Changes are on the way for Utah’s Mighty 5. And they involve adding some new motorized vehicles to roadways and trails in the parks.
E-bikes are already rolling into national parks across the nation. ATVs and other off-road vehicles aren’t far behind. They’ll soon be on national park roadways, but only in Utah. Keep reading to learn what you need to know about the coming changes.
E-Bikes Already Hitting the Trails in National Parks
It’s already been a few weeks since changes to the law opened up national park trails to motorized bikes. Interior Secretary David Bernhardt signed an order on August 30. The order states that e-bikes would be considered traditional bikes, not motorized vehicles. Just so long as they met certain qualifications.
Not All E-Bikes Are Welcome
The order applies to what is called “Class 1” e-bikes. These bicycles only go up to 20 miles per hour and are “pedal-assisted” bikes. This means that they don’t move entirely on their own; the rider still needs to pedal, and the motor helps make pedaling easier.
Class 1 e-bikes make up the majority of motorized bikes on the market today. Other e-bikes are capable of going speeds of 30 miles per hour or more. Many are capable of riding completely motorized, which means that the rider does not need to pedal at all.
Supporting and Opposing the Change
Opponents of this new order worry that 20 miles per hour is still too fast for a trail that also has hikers, traditional bikes, and sometimes even pets on leashes or horses. Many national park trails are also at least somewhat rugged, with sharp turns and steep climbs. Wildlife on trails will have little warning when these fast but quiet bikes come speeding along in their path. These factors could make e-bikes dangerous both for wildlife, riders, and others enjoying the trail.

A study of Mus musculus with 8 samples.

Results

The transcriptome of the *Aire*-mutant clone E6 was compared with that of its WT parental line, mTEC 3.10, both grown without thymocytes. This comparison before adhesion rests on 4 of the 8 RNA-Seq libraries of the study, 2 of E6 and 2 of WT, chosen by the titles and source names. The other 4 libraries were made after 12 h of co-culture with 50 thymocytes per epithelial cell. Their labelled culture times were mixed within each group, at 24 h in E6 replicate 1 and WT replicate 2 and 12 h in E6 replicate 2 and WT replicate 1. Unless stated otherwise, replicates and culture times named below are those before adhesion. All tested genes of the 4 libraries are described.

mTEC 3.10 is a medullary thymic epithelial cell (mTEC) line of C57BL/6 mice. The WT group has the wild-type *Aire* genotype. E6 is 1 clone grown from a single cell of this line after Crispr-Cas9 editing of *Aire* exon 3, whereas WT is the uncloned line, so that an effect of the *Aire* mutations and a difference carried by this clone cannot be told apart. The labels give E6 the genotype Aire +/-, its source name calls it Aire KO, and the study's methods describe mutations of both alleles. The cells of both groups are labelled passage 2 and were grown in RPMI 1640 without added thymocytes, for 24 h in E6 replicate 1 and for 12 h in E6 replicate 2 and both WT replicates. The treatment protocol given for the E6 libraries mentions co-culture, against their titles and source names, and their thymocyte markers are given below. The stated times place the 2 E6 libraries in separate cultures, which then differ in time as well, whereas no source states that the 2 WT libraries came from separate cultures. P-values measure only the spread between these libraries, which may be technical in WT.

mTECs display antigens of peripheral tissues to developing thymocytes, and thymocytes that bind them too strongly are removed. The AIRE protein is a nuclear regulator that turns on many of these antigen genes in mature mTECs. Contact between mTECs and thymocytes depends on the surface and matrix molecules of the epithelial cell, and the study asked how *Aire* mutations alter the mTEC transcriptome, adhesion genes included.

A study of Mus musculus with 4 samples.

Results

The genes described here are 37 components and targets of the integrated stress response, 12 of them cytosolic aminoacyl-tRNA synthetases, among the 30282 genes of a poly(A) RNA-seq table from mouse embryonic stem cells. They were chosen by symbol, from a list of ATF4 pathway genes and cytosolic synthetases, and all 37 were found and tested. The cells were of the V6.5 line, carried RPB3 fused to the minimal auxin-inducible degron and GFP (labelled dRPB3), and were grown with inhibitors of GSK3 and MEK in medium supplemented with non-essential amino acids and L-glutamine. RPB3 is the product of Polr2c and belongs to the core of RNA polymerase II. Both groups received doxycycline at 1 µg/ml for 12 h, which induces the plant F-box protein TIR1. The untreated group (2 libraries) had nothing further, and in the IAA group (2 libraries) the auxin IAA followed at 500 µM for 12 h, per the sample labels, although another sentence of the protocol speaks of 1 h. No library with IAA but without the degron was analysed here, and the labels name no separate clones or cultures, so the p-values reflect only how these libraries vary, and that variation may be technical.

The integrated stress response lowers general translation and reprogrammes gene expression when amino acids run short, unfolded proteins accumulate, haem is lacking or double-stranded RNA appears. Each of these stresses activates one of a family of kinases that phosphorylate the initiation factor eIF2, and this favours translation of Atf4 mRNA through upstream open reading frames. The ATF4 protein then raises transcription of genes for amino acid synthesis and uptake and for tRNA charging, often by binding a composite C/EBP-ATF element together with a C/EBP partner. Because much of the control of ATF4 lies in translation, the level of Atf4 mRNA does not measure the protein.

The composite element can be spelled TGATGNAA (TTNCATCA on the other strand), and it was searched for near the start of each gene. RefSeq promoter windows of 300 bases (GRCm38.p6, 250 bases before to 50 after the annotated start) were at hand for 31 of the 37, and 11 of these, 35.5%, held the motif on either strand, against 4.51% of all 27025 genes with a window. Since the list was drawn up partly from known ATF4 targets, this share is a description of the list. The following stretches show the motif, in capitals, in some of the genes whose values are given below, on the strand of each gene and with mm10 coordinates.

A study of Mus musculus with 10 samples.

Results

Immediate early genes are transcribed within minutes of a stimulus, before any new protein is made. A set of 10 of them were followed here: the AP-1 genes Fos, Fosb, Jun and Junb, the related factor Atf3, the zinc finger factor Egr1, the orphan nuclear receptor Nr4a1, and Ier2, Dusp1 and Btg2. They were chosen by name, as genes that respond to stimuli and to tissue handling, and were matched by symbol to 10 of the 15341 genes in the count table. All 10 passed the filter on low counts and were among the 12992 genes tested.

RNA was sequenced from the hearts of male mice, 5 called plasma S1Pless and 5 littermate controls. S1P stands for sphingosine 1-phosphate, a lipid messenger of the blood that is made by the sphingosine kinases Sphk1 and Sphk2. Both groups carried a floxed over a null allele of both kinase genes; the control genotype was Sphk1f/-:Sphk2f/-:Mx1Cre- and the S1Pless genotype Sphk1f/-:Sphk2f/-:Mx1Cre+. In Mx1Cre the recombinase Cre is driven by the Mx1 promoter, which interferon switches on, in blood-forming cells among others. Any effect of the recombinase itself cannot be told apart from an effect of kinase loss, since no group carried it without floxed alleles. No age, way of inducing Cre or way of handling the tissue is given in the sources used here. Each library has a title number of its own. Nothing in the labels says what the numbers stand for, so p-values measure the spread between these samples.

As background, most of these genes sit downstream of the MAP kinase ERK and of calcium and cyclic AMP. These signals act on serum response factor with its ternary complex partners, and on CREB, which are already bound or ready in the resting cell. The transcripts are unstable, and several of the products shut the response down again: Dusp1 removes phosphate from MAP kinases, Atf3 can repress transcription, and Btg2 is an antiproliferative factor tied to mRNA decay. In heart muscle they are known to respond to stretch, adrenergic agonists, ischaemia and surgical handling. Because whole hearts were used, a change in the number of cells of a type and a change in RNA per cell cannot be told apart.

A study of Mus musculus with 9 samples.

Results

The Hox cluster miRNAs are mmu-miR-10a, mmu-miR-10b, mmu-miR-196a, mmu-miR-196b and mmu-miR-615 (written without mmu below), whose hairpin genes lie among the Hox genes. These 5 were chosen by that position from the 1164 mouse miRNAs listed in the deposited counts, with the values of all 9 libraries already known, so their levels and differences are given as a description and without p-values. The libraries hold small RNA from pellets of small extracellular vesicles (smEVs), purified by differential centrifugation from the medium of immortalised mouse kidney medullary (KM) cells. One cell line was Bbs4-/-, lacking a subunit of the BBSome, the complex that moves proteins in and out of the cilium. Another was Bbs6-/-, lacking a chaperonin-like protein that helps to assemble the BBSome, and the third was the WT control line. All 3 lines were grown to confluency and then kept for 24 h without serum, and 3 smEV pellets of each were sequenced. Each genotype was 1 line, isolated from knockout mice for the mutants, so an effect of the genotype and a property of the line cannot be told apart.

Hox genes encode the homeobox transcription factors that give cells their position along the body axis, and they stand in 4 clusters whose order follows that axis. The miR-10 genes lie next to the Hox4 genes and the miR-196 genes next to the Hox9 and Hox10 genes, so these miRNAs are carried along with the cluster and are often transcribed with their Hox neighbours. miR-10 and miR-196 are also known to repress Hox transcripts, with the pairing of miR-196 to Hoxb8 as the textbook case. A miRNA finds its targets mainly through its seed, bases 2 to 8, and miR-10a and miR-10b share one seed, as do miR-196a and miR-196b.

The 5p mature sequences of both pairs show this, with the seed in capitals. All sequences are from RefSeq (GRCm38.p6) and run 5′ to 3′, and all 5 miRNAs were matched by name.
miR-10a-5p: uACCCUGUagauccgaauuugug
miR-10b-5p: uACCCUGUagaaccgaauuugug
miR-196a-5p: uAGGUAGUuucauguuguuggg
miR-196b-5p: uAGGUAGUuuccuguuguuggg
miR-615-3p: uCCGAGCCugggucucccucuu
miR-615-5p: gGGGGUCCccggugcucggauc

But proponents of the order point out that allowing these bikes means that those with limited mobility or who are lacking endurance can now enjoy some of our national park’s most beautiful trails.
The order only allows e-bikes on trails and roadways that already allow traditional bikes. For instance, in Zion National Park, e-bikes and traditional bikes are only permitted on roadways and on the Pa’rus Trail.
ATVs Aren’t Far Behind
A separate order is underway that may soon allow off-road vehicles like ATVs and UTVs to share the road with cars and trucks in all 5 of Utah’s national parks.
Unlike e-bikes, these vehicles won’t be allowed on trails. Instead, they will be limited to main and back roads. Like the e-bikes, they must meet certain requirements, including meeting safety standards and proper registration and licensing.
Supporting and Opposing the Change
Also, like the e-bikes, off-road vehicles are being met with opposition. Many groups are worried that even though off-road vehicles will only legally be allowed on marked roads, some people will abuse the welcome and take their vehicles elsewhere in the park. Even just one off-road adventure in the park can destroy plants, kill wildlife, and leave a mark that could take years to grow back.
Surprisingly enough, it’s one of the National Park Service’s own who is leading the charge to allow ATVs and UTVs into the parks. Palmer “Chip” Jenkins, the acting regional director of the National Park Service, prompted the change.
Jenkins and other proponents of the new rule point out that off-road vehicles equipped with safety standards and properly licensed and registered have been allowed on all state and county roads since 2008. Lawmakers decided that because off-road vehicle owners pay gas tax and registration fees that go towards improving roads, that they are entitled to enjoy those roads as well.
This new law won’t affect all national parks. Instead, it is limited only to Utah’s Mighty 5.
Dealing with Changes in our National Parks
Dealing with changes like e-bikes being allowed on trails and ATVs allowed on roadways is about more than just changing some signage. Visitors to the parks who choose to take advantage of these changes and enjoy a new way to experience their favorite park have a responsibility; they have to do what they can to minimize their impact.
Whether that means slowing down on trails when hikers or other bikes are present or sticking strictly to the pavement on your ATV or UTV, the only way we can protect our parks for future generations is by starting now, even as these modern changes roll out.